Commentary

Let’s Tear Down the Wall Between Breweries and Brewpubs


Simply put, this bill will allow those brewers who also hold a restaurant liquor license to no longer have to have a wall in between where they sell beer and food for on-premises consumption, and where they sell their beer for consumers to take home.

Brewers are afforded the privilege of selling beer samples for on-premise consumption, as well as beer to take home for off-premise consumption. This is common practice in every brewery tasting room in Maine and has been for years now. However, brewers who also hold a restaurant liquor license have been required to have separate spaces for on- and off-premise sales.

Today, we are looking to ensure all brewers, even those who also have an additional restaurant liquor license, are able to offer their beer (and only their beer) for consumers to take home.

Most of you are likely familiar with the concept of a brewpub – a restaurant that is under common ownership with a brewery and which features that brewery’s beer. Sea Dog, Sebago, The Liberal Cup and Gritty McDuff’s are all brewpubs. We have at least 27 brewpubs in the state, one in almost every county in Maine, with more to come this year.

In Maine, to become a brewpub, one must be licensed as a brewery, and go through the exact same process to license their brewery as anyone else who wants to open a brewery. And one must also go through the process of licensing a restaurant, and they go through the exact same process as anyone else who wants to open a restaurant. There are certain privileges afforded a restaurant, and all restaurants should have those privileges. There are certain privileges afforded a manufacturer/ brewer, and all manufacturers/ brewers should have these same privileges.

Unfortunately, as the law currently stands, those brewers who choose to also open a restaurant are unfairly penalized and lose one of their manufacturer privileges: namely selling their own beer for people to take home from the same space where they can sample it. This bill aims to correct this.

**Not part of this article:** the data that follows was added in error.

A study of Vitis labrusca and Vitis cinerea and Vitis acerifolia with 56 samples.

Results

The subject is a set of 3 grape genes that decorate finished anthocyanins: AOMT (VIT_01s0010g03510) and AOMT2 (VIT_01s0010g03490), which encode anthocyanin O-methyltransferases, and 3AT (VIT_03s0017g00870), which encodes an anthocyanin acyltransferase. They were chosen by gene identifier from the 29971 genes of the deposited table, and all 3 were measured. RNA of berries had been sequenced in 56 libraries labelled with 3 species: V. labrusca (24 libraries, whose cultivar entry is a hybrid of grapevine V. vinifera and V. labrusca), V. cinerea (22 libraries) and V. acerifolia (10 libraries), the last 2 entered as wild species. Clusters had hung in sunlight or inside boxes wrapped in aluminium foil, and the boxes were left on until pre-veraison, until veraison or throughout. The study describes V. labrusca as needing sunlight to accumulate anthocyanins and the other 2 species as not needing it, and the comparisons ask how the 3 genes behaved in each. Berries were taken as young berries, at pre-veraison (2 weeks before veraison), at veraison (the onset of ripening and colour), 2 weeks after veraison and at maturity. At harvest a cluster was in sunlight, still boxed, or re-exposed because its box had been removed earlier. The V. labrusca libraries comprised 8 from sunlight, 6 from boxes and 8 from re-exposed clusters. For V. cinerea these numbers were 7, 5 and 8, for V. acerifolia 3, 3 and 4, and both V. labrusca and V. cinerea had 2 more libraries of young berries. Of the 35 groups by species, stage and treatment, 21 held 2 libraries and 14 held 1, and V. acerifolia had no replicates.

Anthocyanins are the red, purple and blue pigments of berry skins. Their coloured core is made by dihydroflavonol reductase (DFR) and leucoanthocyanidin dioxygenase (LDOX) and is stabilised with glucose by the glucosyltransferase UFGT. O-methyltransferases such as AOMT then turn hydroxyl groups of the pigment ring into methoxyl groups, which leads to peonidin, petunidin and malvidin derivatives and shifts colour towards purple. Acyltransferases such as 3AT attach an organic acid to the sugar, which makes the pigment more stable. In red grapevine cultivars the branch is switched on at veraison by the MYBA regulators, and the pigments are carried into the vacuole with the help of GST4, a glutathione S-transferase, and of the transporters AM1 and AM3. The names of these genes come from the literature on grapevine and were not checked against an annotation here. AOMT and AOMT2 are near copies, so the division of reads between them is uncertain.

In 2012, the legislature expanded the on-premise sampling opportunities for breweries, allowing brewery tasting rooms to flourish. Consumers visit breweries, and can purchase beer at the brewery – trying samples, or buying a bottle or a six-pack of to take home with them. These types of first-hand sampling experiences bring people from all over the country to visit our state and spend money, generating both sales and excise tax dollars for the state of Maine.

Unfortunately, for a brewery that also holds a restaurant liquor license – consumers must leave the restaurant area and enter into a physically separate room or space, just to buy a six pack of beer to take home with them. The very simple goal of this bill is to tear down that wall – literally and figuratively. This bill would allow for brewpubs to sell that brewery’s packaged beer for consumers to take home with them out of the same physical space as their restaurant – thereby allowing for more sales, and allowing these brewpubs the same privilege as every other brewery.

We aren’t the only ones encouraging this policy change, however. On March 9, the Bangor Daily News also editorialized that this would be a positive change for Maine’s economy.

This is a common sense bill that will ensure all brewers have the same opportunities to offer their products to consumers and will help avoid unnecessary red tape for many small Maine businesses.

About James Cote

James Cote is a political consultant and advocate for Maine sportsmen. He is a lifelong Maine sportsman. In 2014 he led the NO on 1 campaign to defend bear hunting in Maine. He has also advocated for private landowners at the Maine Legislature, and has worked on numerous landowner relations efforts. He was appointed by Governor Baldacci in 2007 to serve as the statewide traditional sportsmen representative for Maine’s Landowner-Sportsmen Relations Advisory Board.